2010 February 22
Runway Reviews: Christopher Kane, Osman
Before the Matthew Williamson and Burberry shows returned to London, Christopher Kane was arguably the hottest ticket at London Fashion Week. That still may be the case. For his Fall 2010 presentation, the likes of Carine Roitfeld and Naomi Campbell took to the front row to observe the follow-up to last season's slightly twisted Lolita. This time, Kane again masterfully mixed innocence with blatant sex appeal; black leather and lace creations were covered in colorful floral embroidery. The collection opened with black kilt-style skirts
and lace tops, a solid blouse with the embroidery on the front and sleeves slit up the inside for a vaguely cape-ish feel, and a patent leather pencil skirt that added a fetishist touch. Long blazers and coats came into the mix, but all followed the formula of lace, leather, and embroidery. There was an austerity reminiscent of Prada’s lace collection for Fall 2008; blouses had high necks with either a buttoned-up shirt collar or a mandarin collar. There’s no doubt Kane’s collection will score major points with editors and his loyal following of chicettes, but there was something a tiny bit unsatisfying when the last model left the runway. Sure, Kane hit on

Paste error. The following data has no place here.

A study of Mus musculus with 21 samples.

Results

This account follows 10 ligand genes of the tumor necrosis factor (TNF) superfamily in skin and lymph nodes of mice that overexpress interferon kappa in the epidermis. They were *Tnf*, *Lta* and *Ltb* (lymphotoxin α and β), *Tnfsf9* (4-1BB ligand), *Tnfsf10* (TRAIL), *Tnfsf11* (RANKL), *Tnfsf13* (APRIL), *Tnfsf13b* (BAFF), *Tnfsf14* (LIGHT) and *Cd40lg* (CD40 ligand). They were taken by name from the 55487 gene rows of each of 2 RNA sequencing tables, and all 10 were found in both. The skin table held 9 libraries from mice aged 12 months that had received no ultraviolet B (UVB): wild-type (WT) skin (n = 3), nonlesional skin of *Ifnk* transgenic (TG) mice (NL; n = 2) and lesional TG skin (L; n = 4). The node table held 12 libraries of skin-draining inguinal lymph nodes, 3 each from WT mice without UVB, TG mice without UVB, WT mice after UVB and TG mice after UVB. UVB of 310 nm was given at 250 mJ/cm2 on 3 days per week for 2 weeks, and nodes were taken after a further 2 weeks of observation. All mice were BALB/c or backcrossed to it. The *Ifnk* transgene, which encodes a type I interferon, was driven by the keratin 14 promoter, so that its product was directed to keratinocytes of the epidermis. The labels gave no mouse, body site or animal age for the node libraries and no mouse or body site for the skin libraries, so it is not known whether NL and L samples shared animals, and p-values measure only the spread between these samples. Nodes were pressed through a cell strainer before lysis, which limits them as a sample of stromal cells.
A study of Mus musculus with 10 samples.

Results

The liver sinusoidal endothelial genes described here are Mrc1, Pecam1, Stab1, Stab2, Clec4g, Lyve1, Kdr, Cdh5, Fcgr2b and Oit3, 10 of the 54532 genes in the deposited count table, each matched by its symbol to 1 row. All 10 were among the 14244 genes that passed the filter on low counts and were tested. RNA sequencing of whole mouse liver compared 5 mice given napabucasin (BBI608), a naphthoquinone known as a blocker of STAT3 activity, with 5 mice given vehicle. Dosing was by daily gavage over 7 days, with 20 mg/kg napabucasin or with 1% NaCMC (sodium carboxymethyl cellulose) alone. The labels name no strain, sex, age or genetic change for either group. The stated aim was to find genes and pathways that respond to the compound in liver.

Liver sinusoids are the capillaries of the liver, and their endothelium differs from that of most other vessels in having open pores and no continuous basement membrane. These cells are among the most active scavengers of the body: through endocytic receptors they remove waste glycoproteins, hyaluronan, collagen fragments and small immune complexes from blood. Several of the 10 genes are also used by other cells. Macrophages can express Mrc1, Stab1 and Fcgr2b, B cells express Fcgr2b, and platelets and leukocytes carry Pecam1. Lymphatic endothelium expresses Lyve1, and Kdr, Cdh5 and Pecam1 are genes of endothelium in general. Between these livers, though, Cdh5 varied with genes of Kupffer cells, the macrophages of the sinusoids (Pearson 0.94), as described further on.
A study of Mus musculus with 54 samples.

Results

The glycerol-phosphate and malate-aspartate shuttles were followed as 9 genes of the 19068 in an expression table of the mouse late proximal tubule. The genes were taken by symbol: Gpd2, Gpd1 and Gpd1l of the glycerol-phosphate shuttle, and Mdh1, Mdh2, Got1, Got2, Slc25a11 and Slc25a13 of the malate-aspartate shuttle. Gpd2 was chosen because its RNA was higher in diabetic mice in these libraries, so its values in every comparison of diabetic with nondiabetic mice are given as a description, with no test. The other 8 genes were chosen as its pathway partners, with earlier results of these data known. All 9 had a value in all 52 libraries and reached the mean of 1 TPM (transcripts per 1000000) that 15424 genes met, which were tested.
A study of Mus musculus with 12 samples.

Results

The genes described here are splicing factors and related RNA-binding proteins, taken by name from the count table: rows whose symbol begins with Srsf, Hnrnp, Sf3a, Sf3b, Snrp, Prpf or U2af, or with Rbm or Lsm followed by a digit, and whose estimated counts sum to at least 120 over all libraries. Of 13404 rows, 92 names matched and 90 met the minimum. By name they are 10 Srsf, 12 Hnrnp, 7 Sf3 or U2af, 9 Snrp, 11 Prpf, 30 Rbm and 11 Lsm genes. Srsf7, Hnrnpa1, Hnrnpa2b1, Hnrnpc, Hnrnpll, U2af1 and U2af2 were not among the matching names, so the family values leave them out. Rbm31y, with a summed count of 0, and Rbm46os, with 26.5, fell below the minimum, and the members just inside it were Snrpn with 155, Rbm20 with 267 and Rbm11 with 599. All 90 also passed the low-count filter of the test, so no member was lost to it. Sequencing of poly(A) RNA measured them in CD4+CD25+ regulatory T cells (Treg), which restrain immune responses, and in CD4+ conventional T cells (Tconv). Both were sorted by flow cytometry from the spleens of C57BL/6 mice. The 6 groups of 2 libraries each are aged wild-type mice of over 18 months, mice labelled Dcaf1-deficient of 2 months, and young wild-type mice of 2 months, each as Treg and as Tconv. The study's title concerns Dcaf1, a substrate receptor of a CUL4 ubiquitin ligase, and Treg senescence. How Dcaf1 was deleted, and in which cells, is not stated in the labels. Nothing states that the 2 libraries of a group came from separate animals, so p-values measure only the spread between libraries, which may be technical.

another great idea and executed it to perfection, but with every single look a variation on a fairly rigid theme attendees were left wanting more. Kane is more than capable.
There’s a studied simplicity and ease to the clothing of Osman Yousefzada, so it’s fitting that the designer launched a 12-piece capsule collection of jersey pieces for Fall 2010, starting with the four draped navy dresses that opened the show. Dresses, tops, and even trousers came in the jersey, which showed off the designer’s skill in drapery. Of course, structure and architectural silhouettes made appearances as well, primarily in the use of stiff mohair in a hot pink coat and striped pleated skirt. If the heavy mohair was a bit bulky, soft leathers were a better way to integrate a bit of structure. One pale taupe leather dress was especially simple and lovely.